A book detailing the Luftwaffe's raid on an oil depot is being republished to aid efforts to raise the wreck of a World War II flying boat.
Around 650 firefighters, including five from Cardiff who perished, fought the flames near Pembroke Dock for 18 days.
To mark the 70th anniversary of the bombing, Inferno 1940, containing many first-hand accounts, is being reprinted 30 years after it was written.
Proceeds go to Pembrokeshire's Sunderland Trust heritage project.
It aims to recover the wreck of a Mark 1 Sunderland Flying Boat from under 60ft (18.3m) of water off Pembroke Dock.
The unique aeroplanes played a key role in the Battle of the Atlantic, and the town was the largest flying boat station in the world.
The plane sank without casualties in a gale in 1940 and was only discovered by divers decades later.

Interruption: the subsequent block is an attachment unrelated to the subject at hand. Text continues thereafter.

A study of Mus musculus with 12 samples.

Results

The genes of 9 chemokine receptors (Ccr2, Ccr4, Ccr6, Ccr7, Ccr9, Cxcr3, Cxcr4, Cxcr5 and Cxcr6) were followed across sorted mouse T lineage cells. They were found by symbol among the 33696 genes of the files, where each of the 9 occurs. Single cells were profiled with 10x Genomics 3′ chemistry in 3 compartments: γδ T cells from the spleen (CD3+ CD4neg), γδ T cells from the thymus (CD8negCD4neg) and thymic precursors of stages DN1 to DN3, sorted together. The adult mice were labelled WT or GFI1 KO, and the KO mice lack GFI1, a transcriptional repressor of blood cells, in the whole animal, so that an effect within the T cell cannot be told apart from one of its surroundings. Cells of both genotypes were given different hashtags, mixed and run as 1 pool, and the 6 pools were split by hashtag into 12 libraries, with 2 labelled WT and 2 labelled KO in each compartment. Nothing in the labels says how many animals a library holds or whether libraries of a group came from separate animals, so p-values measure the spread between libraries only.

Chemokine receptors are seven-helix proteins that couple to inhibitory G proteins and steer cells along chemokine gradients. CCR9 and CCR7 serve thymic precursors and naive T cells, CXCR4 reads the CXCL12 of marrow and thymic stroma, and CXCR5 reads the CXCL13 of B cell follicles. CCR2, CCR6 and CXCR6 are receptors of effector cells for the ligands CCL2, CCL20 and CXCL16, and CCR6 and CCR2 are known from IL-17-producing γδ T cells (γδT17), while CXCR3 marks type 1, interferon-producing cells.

Inferno 1940 was written by late journalist and author Vernon Scott and published by the Western Telegraph newspaper in 1980.
It has been out of print for the last 25 years.
John Evans of the trust said: "The book was an instant success and sold throughout the world.
"Vernon interviewed many individuals with first-hand memories of this dramatic chapter in local and national history, graphically telling a story of an aerial attack on an undefended Pembroke Dock.
"It left behind a huge fire, the largest in Britain for centuries, and tales of great heroism and ultimately tragedy, with the death of five Cardiff firemen."
Mr Evans said the trust, which plans to display the wreck at the flying boat centre it opened in Pembroke Dock last year, was a project close to Mr Scott's heart.